By RAMADHAN RAJAB, published in THE STAR
More than 85 per cent of public schools risk losing their land, a civil societies’ audit shows.
The survey was released at the Panafric Hotel yesterday to mark the first anniversary of protests held to stop grabbers taking the Lang’ata Road Primary School playground in Nairobi.
Scramble for public schools land is driven by increasing value of land, public silence, corruption and collusion, the study found.
The report says private developers aided by public servants pose the greatest risk to public schools land.
This is followed by religious institutions, who acquire properties in collaboration with public servants after having originally obtained the land for establishing schools.
Neighbouring communities also pose risk to land owned by schools.
The research is titled One Year on From Lang’ata: Why Public Schools are Still at Risk.
Some 3,400 head teachers were interviewed across the 47 counties.
The audit shows 83 per cent of the schools do not have the title deeds or lease certificates.
Forty-one per cent of schools have no allotment letters and 55 per cent of schools are yet to be surveyed.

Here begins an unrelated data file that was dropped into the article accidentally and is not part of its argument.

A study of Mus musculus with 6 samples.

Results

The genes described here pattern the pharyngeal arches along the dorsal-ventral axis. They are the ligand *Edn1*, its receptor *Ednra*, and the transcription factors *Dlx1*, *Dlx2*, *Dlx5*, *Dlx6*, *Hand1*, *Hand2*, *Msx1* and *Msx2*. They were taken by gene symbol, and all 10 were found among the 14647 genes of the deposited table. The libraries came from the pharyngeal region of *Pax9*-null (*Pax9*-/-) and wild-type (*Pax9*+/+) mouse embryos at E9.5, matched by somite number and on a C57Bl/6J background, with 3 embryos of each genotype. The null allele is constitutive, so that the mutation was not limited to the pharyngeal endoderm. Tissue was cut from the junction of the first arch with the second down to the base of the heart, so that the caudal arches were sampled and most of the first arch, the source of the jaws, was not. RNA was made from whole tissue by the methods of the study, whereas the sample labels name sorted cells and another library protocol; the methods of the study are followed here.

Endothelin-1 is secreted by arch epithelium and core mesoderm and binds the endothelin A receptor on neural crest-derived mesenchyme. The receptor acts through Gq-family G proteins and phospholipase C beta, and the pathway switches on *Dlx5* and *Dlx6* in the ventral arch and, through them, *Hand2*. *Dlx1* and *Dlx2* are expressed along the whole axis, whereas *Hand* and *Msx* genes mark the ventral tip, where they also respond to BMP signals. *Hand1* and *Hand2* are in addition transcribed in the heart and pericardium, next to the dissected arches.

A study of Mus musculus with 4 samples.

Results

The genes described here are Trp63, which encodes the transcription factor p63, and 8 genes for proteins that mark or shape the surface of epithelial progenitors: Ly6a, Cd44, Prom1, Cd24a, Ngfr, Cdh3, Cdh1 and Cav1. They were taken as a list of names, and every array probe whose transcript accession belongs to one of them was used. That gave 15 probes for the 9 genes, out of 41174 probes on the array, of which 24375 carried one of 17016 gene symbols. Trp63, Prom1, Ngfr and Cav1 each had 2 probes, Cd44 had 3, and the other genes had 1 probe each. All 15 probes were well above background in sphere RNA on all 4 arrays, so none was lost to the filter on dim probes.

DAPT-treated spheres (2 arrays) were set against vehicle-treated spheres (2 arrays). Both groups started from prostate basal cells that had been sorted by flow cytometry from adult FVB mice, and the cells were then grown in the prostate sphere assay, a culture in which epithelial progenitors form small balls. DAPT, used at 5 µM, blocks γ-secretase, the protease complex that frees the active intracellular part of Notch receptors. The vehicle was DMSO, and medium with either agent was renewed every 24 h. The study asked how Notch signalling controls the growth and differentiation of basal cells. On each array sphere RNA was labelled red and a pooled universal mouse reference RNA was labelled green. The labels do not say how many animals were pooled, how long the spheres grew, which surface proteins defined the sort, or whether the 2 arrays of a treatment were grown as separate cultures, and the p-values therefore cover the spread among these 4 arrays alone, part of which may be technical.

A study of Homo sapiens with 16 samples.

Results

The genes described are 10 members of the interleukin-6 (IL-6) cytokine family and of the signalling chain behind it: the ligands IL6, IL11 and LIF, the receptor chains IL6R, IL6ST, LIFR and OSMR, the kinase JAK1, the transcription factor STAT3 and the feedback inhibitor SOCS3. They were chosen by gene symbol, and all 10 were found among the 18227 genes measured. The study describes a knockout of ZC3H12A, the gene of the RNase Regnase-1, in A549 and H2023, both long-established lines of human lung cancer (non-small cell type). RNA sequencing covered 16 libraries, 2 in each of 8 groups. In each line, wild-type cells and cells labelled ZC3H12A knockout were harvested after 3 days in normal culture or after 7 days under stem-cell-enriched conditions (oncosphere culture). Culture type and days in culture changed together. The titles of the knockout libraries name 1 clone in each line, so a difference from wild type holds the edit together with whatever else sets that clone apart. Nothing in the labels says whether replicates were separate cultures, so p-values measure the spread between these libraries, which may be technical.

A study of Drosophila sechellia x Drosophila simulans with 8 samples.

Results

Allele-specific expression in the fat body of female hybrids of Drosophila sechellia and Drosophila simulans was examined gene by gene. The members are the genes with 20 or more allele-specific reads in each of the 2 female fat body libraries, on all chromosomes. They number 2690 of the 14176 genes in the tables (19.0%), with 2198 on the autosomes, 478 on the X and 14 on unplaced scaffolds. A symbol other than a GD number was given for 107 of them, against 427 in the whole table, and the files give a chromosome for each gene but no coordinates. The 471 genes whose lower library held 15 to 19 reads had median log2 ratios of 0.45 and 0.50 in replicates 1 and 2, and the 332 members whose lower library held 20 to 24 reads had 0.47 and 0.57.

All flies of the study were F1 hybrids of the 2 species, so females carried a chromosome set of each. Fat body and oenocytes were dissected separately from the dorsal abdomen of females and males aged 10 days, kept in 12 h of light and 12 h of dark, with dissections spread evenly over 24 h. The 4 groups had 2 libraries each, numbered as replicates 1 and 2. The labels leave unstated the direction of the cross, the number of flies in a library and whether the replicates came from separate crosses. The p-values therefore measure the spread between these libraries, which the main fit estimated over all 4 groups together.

“These facts suggest a large number of schools are at risk of encroachment and grabbing,” the research conducted by eight lobby groups reads.
“We call for issuance of lease certificates and not title deeds to avoid future transactions on schools land or use of the lands as collateral,” said Irungu Houghton from the Society for International Development.
The organisations urged Lands CS Jacob Kaimenyi to waive survey fees and all other costs for the 5,000 schools who have applied to be assisted in securing school boundaries.
Odima Otieno, a land administrator at the National Land Commission, who attended the release of the report, said the commission will issue titles to about 2,400 schools by end of this month.
By last August, more than 4,000 complaints of encroachment on schools land had been reported.